Isabel’s first bite in her NAS school
We had continually sought a 38 week placement, but the National Autistic Society was only prepared to offer a 52 week one.
The only reason given, Isabel had ‘problems with transitions’, and needed to be able to walk to school.
She did not.
She had that year, as with every other year, visited Ireland twice by train, bus, and plane.
Issy’s reluctance to get in the school van, and stay in the taxi, was because she did not want to go to school, not the ‘transition’ per se.
Yet, ’ problems with transitions’, continued to be, the NAS head teacher’s mantra in meetings.
Such is the nonsense allowed, to justify £177,000, tax free per annum, get Issy off the social services books, and remove her from her family.
A chance remark by my husband to the NAS team leader, that he would like Issy home for a weekend, immediately, prompted a letter from our solicitor, warning us, if we continued to insist on a 38 week, which we hadn’t, care proceeding, would be reinstated.
Such was the bullying.
And the illegality, as Isabel, had not been assessed for any placement.
This ‘assessment’, NAS said, would be during the first 6 months of her stay, but this did not happen, and, was not mentioned again.
So the court approved, and the NHS, and LA paid for, a placement, that we opposed, and for which, Isabel had not been assessed.
I prepared an album of photos, some with bubble stickers saying, ‘Mummy loves Issy very much’.
And I recorded a DVD, of her mantras, routine, favourite food, videos/DVDs, and that she liked being tickled and messages from us..
But it was ignored, and never referred to by staff.
Such was Issy’s itinerant, impersonal, prescribed, yet charged for, ‘specialist’ autistic charity ‘care’.
We tricked poor Issy into leaving for her new home, by a return journey to the poo clinic, but drove past the hospital, and for a further 20 miles.
Isabel looked sad, but resigned, as if she had always known, this was inevitable.
She went freely with a care worker to the swings, whilst we were shown her new home, by the team leader.
It was a sparsely furnished, bare walled, clinical box, with a small view of a wall.
I offered to put up the pictures from her bedroom, but the team leader said this was not allowed, as blue tac would damage the walls.
With a pained expression of concern, she empathised, ’this must be the hardest thing a parent could ever do’.
But, did not consider, let alone discuss, why we were doing it.
Tissue boxes, were strategically placed in the reception, and office.
The buildings resembled Auschwitz.
Our social worker handed us a form to sign.
It was our s20 Childrens Act consent.
We had not been told the effect of such consent, or, that it would be required.
Once signed, Isabel would be, ‘a looked after child’, without a court order.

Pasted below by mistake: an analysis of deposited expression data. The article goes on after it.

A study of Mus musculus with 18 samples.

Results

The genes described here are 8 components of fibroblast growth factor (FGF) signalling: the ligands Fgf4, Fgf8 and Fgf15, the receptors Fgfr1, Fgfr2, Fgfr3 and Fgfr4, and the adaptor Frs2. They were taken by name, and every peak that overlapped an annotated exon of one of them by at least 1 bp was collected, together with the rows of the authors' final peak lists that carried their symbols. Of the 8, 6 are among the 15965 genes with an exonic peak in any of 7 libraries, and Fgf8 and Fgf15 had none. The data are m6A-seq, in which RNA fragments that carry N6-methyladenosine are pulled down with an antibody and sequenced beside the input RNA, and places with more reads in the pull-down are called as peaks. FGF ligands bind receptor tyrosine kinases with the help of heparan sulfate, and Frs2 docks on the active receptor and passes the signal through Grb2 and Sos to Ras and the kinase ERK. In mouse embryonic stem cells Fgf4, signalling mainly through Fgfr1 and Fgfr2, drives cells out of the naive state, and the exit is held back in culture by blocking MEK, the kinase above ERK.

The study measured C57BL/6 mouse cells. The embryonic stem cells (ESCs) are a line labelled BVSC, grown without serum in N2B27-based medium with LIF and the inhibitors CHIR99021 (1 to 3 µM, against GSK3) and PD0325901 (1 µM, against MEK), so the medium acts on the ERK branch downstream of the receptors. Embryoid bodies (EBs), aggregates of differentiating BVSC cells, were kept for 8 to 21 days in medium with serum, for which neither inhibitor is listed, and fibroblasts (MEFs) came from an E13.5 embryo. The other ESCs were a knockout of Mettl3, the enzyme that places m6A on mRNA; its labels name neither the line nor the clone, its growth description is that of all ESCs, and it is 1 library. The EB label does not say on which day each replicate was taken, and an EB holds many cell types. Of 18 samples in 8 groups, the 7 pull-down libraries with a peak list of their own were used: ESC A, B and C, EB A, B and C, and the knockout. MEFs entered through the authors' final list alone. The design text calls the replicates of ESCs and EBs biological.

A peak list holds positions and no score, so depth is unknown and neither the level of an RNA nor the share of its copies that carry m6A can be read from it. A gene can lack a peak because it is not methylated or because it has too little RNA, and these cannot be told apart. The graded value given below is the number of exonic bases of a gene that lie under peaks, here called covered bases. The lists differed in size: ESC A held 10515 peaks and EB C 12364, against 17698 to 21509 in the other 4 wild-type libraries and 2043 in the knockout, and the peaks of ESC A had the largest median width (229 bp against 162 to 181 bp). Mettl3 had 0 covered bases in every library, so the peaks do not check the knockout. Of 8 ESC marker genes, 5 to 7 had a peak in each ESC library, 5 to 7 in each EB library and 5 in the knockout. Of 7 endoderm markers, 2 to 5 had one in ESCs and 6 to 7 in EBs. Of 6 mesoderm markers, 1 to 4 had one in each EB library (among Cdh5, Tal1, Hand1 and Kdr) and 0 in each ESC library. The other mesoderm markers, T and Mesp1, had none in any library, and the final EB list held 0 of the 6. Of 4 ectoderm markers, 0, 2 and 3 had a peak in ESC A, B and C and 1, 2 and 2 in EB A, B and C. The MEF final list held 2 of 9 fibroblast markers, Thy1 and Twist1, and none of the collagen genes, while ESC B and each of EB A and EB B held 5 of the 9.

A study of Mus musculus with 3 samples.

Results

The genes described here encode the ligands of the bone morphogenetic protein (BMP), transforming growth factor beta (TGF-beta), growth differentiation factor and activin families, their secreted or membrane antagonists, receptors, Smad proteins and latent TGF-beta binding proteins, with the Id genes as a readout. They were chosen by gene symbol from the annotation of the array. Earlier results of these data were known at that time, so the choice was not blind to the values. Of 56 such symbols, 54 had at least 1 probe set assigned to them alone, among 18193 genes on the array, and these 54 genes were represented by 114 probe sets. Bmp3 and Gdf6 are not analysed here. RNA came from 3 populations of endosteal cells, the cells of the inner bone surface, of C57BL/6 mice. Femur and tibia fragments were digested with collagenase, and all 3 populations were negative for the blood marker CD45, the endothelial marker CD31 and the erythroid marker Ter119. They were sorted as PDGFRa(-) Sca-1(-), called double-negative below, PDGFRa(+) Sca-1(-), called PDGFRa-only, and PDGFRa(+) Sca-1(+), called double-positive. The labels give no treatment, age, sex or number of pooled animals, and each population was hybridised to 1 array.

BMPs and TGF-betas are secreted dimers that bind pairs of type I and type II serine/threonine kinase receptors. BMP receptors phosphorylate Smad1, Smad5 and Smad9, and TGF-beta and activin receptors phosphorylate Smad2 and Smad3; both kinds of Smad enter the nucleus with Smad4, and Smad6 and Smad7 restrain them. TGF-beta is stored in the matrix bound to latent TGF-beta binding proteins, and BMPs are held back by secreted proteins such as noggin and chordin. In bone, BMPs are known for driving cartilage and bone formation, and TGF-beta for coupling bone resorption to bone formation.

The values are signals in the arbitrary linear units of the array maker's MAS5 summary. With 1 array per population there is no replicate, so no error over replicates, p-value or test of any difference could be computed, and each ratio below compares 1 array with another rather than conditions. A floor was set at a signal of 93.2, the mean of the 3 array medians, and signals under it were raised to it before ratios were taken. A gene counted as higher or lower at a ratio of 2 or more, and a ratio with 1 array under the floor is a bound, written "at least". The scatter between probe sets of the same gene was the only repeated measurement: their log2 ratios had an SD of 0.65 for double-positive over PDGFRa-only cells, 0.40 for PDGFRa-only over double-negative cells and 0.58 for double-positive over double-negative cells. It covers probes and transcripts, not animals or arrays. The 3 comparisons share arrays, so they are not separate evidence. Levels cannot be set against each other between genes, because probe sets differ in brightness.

A prerequisite, to the NHS, Social Services and Education £177,000 per annum funding.
So this was why we had been dragged through the care courts.
In the confines of Issy’s dimly lit bedroom, it felt like signing a prison warrant.
I asked pathetically, did we have to sign.
She replied, if we didn’t, we’d have to take Isabel back .
My last glimpse of Issy, was from the car as we drove off.
I strained to see if she was happy on the swing.
I remained numb throughout the journey home, we did not know when, we would see Issy again.
Suddenly, on arrival, the strongest feeling I had ever experienced, hit me full on, Issy was gone.
Dark days followed. We wept silently.
We were allowed our first visit, 2 weeks later, in a cramped ‘family room’ for 3 hours, and similar weekly.
Issy was a sorry sight.
She had started to pull her hair out, and bald patches were clearly visible.
She had contracted conjunctivitis in one eye.
None of this had ever occurred at home.
She was also bitten badly, three times, in two weeks, by the same boy.
We could not help her.
Nor even comfort her.
Who could we complain to about National Autistic Society care ?
The Social Services, Department of Education, NHS and courts, who had approved her placement?
We were, as are all autistics, and their families, powerless.
Eventually after 2 months, we felt happier, having negotiated 3 home weekends every month, 2 weeks holiday in Derry Northern Ireland near her relatives at Christmas, Easter, Summer, and a week in Mahon, Minorca.
Issy 11 in Mahon.
Isabel was, as she would always be, a child of the state, but at least, we had her for a third of the year.
And NAS, ever commercially aware, could make even more money, as there was no deduction in their £177,000 per annum payment.
And, each month they asked for pocket money, and towards clothes.
We received £80 per month in DLA.
Isabel attended school fairly regularly in the first years , we attended 6 monthly reviews, and an education review at the school, and picked her up and dropped her off every weekend, bar one.
Her ‘education’, which, we naively, had had high hopes for in an autistic school, was not fit for purpose.
Her P scale attainments, lower than the SATs she achieved at 7.
She stopped reading, and could no longer write her name.
And received certificates for knowing the letters of the alphabet, which she had known, and could write at 7 phonetically.
The extortionate amount of money paid for this ‘education’, justified by her ‘condition’, which had been caused by a previous inappropriate school, and an impaction.
And the fact, the authorities were prepared to pay any amount, to get ‘these children’ off their books, and out of society.
Yet at the same time running million pound campaigns like ‘Tolerate Difference not Indifference’,’ Autism Awareness’, etc.
The 38 week placements had vans home to Sheffield, but Issy was not allowed in them, as she was not insured.
So, Eleanor. Seamus and I picked her up, and dropped her off, every weekend.